How to become a first-time landlord

If you have owned your own property, you may have considered renting it out at some point.

Most homeowners have, at one point or another, looked on enviously at landlords making money from property investment.

As you’ve now sold your home and, hopefully, made money through its value increasing while owning it, you may now be considering property as an income source.

There are lots of factors to consider before deciding to enter the landlord market, both legal and personal, but Martin & Co’s guide to becoming a first-time landlord can help.

Why invest in property?

Technically, if you have recently sold your home then you have already invested in property. But property as an income source is different.

Yes, you can make money through selling property for a profit, as you may have done with your home. But in order to generate an income, you would need to rent out your investment property.

The good news about investing in a buy-to-let property is you can make money from rent while also watching the capital growth of the property rise.

What are the risks?

Becoming a landlord carries with it a degree of risk. Property prices can go down as well as rise and the demand for rental homes can also fluctuate.

When your buy-to-let property is empty, you are still responsible for the mortgage payments so a slow housing and rental market can have a big effect on your investment and the income generated from it.

Of course, you can sit tight and ride out the storm, hoping for an improving market, but if you become a portfolio landlord and have most of your wealth tied up in buy-to-let investments, a slow market can be devastating.

Moreover, rises in interest rates could mean the rent from your investment fail to cover the mortgage payments, resulting in a loss.

What are the costs of property investment?

An investment property purchase is subject to the same kind of costs as buying a home to live in.

You would be facing estate agent fees, survey costs, solicitors’ bills and stamp duty. Landlords also have to pay an extra 3% on each stamp duty band when buying additional homes or residential buy-to-let properties.

If you are earning an income from your buy-to-let investment, you will be subject to income tax.

Up until 2017, landlords could deduct the cost of their mortgage interest from their pre-tax profit, meaning a lower tax bill.

However, new rules being phased in between 2017 and 2020 will see landlords only able to deduct a decreasing percentage of their mortgage interest. In 2020, once the new rules are in place completely, 100% of landlords’ finance costs will be subjected to basic rate tax.

Don't forget running costs

If you’ve decided that a buy-to-let investment is definitely for you, you’ll need to work out your projected rental yield to ensure the numbers stack up. And that means working in day-to-day costs for your calculations.

Some of the main costs you could be facing include:

  • Mortgage interest
  • Managing agent fees
  • Decoration costs
  • Landlord insurance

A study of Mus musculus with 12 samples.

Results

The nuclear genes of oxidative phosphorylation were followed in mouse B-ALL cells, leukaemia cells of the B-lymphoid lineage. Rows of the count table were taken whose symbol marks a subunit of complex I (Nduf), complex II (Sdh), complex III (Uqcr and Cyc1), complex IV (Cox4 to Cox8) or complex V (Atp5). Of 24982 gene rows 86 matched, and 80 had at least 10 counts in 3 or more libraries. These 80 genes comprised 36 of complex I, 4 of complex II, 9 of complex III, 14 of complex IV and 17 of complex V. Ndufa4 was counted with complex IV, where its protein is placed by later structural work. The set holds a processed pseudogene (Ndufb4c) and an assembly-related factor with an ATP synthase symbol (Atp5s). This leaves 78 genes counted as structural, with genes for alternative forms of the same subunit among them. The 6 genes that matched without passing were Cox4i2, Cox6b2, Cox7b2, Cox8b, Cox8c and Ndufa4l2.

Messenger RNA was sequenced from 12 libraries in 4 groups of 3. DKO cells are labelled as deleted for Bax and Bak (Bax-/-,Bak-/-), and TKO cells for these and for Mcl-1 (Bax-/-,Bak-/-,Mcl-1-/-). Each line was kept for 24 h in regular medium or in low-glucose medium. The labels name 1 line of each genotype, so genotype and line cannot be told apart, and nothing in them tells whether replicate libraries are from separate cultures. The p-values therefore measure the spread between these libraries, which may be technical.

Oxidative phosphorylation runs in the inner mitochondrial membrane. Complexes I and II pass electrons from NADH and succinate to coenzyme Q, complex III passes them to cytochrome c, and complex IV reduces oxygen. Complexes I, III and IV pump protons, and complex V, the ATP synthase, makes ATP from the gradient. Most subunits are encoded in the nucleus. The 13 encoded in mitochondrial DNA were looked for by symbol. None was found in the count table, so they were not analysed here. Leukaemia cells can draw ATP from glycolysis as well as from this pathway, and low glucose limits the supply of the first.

• Safety check costs
  • General maintenance

What would my legal responsibilities be?

The majority of legal requirements landlords must meet surround the safety of tenants.

  • Smoke alarms must be installed on all floors
  • Carbon monoxide detectors should be used in rooms with coal fires or wood-burning stoves
  • Each gas appliance must have its own safety certificate and these must be available inside the home
  • Electrical devices should be PAT tested for compliance
  • Furniture must be fire safe and all labels on display
  • The water supply must be safe to protect tenants from Legionella bacteria

As a landlord, you must also supply an Energy Performance Certificate (EPC). Since April, all rental properties must have a rating of at least E on the EPC in order to be let.

Tenant deposits must be protected under a government-approved deposit protection scheme for all assured shorthold tenancies and deposits must be returned to the tenant at the end of the agreement unless there is a dispute over damage or unpaid rent.

What are my responsibilities as a landlord?

You are responsible for repairing the exterior of the property, so should issues with the roof, chimney, walls or guttering occur, it would be down to you as the landlord to fix them.

Water, gas and electric supplies are also the responsibility of you as a landlord and these must be kept in safe working order.

Can I check the property?

Of course. But you must not put yourself in a position where you could be accused of lessening your tenant’s ‘quiet enjoyment’ of their rental home.

Give at least 24 hours’ notice if you wish to visit the property. Some tenancy agreements will stipulate the amount of notice required.

I've heard about HMOs - what are they?

Houses in Multiple Occupation (HMO) can be a sound way to ensure multiple income streams for your buy-to-let.

An HMO is a property with at least three individual tenants, who share toilet, kitchen and bathroom facilities.

Because you rent rooms on an individual basis, HMOs can be lucrative properties to invest in.

Moreover, if one tenant moves out, you will still have other tenants in place while you look for someone to replace the departed tenant.

Does letting an HMO have different rules?

If you are considering purchasing and renting a ‘large HMO’ – a property that is at least three storeys high and with at least five people individually renting rooms and – you will need a licence.

As well as the legal responsibilities associated with letting any property, HMO landlords must ensure the property’s electrics are checked every five years, the property is not overcrowded and there are suitable cooking and cleaning facilities.

If you have any questions about letting your property, you can speak to your local Martin & Co office who will be happy to help.